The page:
U.S. stock futures were up Tuesday as investors were upbeat ahead of Apple's quarterly results due out after the closing bell today, and as a plethora of earnings reports from industry majors were considered.
Futures on the three main U.S. market indices were up between 0.2% and 0.3% as at 8:25am ET, after ekeing out small gains on Monday, despite McDonald's (NYSE:MCD) results disappointing investors, with the S&P 500 landing yet another record finish.
On the economic front this morning, the calendar is light, with just the Federal Housing Finance Agency’s home-price index for May scheduled for 9:00am ET, and the Richmond Fed manufacturing index due out at 10:00am ET.
In corporate news, Apple (NASDAQ:AAPL) was set to steal the spotlight on Tuesday on a relatively quiet day, with the tech giant expected tor report earnings of $7.30 per share after the closing bell, down from $9.32 a year ago, with flat revenue at $35.01 billion.
AT&T (NYSE:T) is also reporting after the closing bell, and is anticipated to report a profit of 68 cents, up from 66 cents last year.
Ahead of the open, United Parcel Service (NYSE:UPS) reported its second-quarter profit fell 4% as higher expenses offset better revenue, though volumes were up. The company reported a profit of $1.07 billion, or $1.13 a share, down from $1.12 billion, or $1.15 a share, a year earlier. Revenue grew 1.2% to $13.51 billion. Analysts surveyed by Thomson Reuters expected a profit of $1.13 a share on revenue of $13.59 billion.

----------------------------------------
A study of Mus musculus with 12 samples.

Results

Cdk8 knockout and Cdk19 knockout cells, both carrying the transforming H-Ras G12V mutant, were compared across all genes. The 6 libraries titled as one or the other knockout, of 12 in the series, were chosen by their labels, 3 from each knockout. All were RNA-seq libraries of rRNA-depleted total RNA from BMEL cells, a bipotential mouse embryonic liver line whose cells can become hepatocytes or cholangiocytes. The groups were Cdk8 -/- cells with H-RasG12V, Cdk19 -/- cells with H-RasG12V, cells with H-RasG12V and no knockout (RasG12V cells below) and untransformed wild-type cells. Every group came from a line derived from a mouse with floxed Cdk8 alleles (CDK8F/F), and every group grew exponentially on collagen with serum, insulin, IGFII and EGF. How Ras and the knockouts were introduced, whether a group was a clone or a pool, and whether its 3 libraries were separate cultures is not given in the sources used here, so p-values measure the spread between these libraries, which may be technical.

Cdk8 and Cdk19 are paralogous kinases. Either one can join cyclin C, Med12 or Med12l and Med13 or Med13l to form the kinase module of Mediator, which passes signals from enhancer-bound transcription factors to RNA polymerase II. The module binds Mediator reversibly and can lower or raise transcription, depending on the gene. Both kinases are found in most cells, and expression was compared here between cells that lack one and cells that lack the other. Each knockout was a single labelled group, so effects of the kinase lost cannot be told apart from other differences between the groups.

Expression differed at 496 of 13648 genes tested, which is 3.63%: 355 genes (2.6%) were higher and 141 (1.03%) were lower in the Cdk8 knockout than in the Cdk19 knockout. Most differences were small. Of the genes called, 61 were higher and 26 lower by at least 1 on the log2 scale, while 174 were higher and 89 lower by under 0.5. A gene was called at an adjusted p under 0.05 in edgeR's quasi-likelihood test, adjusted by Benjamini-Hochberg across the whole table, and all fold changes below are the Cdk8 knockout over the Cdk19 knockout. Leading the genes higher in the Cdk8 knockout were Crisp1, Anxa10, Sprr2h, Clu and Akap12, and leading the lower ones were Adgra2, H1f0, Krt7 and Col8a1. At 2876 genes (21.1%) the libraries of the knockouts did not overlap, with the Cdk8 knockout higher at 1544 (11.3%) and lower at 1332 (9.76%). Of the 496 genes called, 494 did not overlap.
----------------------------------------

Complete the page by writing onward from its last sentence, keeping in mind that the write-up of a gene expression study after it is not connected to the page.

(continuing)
Freeport-McMoRan Copper & Gold Inc. (NYSE:FCX) reported Tuesday its second-quarter profit fell to 49 cents per share, down from 74 cents a year earlier, though still topping analysts' expectations of 39 cents a share. Revenue, however, came in at $4.29 billion, well short of estimates of $4.39 billion. Shares of the company gained 1.9% premarket.
After Monday’s closing bell, Netflix Inc. (NASDAQ:NFLX) reported better-than-expected second-quarter earnings, but its subscriber growth didn’t meet some analysts’ targets. Its stock fell almost 5% premarket.
In other news, Cisco Systems Inc. (NASDAQ:CSCO) said it has agreed to buy cybersecurity firm Sourcefire Inc. (NASDAQ:FIRE) in a deal worth around $2.7 billion, with the transaction expected to close in the second half of this year.
PacWest Bancorp (NASDAQ:PACW) has agreed to buy CapitalSource (NYSE:CSE) for $2.29 billion in cash and stock. The purchase values CapitalSource at $11.68 a share, or a 19% premium to its close of $9.83 yesterday.
Elsewhere, the Commodity Futures Trading Commission has reportedly told Goldman Sachs, Glencore, Noble Group and other companies that operate aluminum warehouses to retain internal documents and emails related to the business, as an investigation may be underway. The news comes ahead of a Senate hearing today into the commodities operations of major banks such as JPMorgan (NYSE:JPM) and Morgan Stanley (NYSE:MS).
Meanwhile, U.S. Bankruptcy Court Judge Steven Rhodes has set an initial hearing for Detroit for tomorrow, when the city will request federal court protection from lawsuits.
In news abroad, a Chinese newspaper cited Premier Li Keqiang as saying last week at a meeting of the State Council that the government will take action to ensure economic growth doesn’t fall below 7%. Markets in Asia closed higher, with the Shanghai Composite gaining 1.95%.
Gold futures fell slightly by $5.50 to $1,330.50 in electronic trade, while oil futures shed 77 cents to $106.17 a barrel.
European markets were higher today with shares in France leading the region. The CAC 40 was lately up 0.23% while Germany's DAX gained 0.22% and Britain's FTSE 100 added 0.19%.